Sexual Health

"I had my first smear test, then received a letter saying that I had HPV" - Mel

For people with vulvas, turning twenty five means that you’ll be invited to have your first smear test (unless you’ve been pregnant or had previous complications, then it would be earlier than this). Despite how scary it can be, I can not stress enough how important it is that you go.

Smear tests (or pap smears) are to test us for Human Papillomavirus (HPV). I see a lot of sex ed accounts talk about HSV (herpes) but not many about HPV. So I want to talk about it and raise awareness.

I had my first smear test, then a few weeks later received a letter saying that I did have HPV. Upon receiving this I had no prior knowledge to what HPV actually was.  I had absolutely no idea how serious it was (or wasn’t) or what it meant. I had to educate myself and was able to find some amazing resources. I discovered that HPV can be in your body for years without ever amounting to anything. Therefore, I could’ve got it six years ago, or a few months before. It IS an STI. But condoms don’t always prevent transmission, as it is also transmitted through skin on skin contact. HPV causes warts in some cases, and in other cases can lead to abnormal cells resulting in cervical cancer. This is why it’s so important to get tested. However, there are over one hundred different kinds of HPV and the one that I had doesn’t pose much risk. I was just required to have another smear test in one years time, instead of three years time, to check if the virus had changed at all. In general, HPV is like a common cold, your body will get rid of it on its own.

Obviously, my main concern was what to do regarding sexual partners. You are not required to inform people you have it. And 70% - 80% of sexually active adults will have HPV sometime in their life. I decided that I would tell current and future partners that I have it and encourage them to research it themselves.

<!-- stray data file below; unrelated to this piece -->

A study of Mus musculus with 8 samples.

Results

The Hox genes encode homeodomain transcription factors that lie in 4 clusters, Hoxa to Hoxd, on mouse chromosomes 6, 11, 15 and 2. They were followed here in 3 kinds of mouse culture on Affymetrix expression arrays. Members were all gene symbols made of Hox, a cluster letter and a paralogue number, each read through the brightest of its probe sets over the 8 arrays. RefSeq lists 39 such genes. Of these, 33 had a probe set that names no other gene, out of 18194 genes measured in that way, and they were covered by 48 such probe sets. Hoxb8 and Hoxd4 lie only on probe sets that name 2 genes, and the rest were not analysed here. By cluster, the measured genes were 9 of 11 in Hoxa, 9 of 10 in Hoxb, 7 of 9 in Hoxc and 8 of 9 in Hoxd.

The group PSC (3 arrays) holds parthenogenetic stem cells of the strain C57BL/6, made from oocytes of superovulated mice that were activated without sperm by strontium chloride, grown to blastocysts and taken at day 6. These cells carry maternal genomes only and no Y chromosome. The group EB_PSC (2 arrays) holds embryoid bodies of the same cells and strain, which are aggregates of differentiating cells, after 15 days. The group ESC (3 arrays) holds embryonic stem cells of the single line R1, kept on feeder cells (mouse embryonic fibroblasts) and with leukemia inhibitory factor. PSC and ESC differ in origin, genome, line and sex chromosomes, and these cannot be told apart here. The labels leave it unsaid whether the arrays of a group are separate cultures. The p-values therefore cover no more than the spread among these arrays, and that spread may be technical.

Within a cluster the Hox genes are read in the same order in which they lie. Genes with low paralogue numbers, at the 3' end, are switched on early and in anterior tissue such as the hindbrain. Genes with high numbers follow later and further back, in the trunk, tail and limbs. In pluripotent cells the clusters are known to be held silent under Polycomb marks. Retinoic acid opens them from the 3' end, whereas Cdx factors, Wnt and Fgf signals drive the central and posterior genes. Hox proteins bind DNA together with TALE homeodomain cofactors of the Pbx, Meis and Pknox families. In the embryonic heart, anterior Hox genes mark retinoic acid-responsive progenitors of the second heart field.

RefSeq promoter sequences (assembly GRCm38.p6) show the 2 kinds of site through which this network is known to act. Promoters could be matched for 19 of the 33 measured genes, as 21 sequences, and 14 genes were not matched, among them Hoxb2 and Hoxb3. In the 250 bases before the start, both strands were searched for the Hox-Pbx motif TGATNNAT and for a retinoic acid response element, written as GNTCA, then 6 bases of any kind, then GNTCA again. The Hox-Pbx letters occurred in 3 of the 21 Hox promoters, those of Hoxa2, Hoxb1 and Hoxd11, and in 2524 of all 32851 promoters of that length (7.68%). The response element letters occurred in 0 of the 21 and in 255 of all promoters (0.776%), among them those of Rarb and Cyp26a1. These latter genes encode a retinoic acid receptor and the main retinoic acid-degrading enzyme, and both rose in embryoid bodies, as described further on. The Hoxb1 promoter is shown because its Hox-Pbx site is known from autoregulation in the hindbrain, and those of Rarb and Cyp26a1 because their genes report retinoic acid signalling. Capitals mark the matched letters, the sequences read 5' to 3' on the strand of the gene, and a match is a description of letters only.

If you want to reduce the possibility of transmission as much as possible, use condoms and dental dams.  However, as always, education is the most important thing, and normalising STIs will help everyone to get treatment and reduce stigma. STIs are not dirty. As long as you get regular check ups and are honest to sexual partners then it is much easier to prevent the spread of them.

From my extensive research, I also learnt that there isn’t really a test to find HPV in people with a penis, therefore you might go through your whole life without ever being aware you have HPV.  After three smear tests I found out the virus had cleared on its own without me ever having symptoms or needing any form of medication. Luckily, I had a low risk kind of HPV, so it did not effect my life, but others may not be so lucky. So, if you have a vulva, please please get a smear test. And if someone tells you they have HPV, don’t worry, you should be safe. Just educate yourselves and if you don’t want an STI always use condoms and dental dams to be completely safe.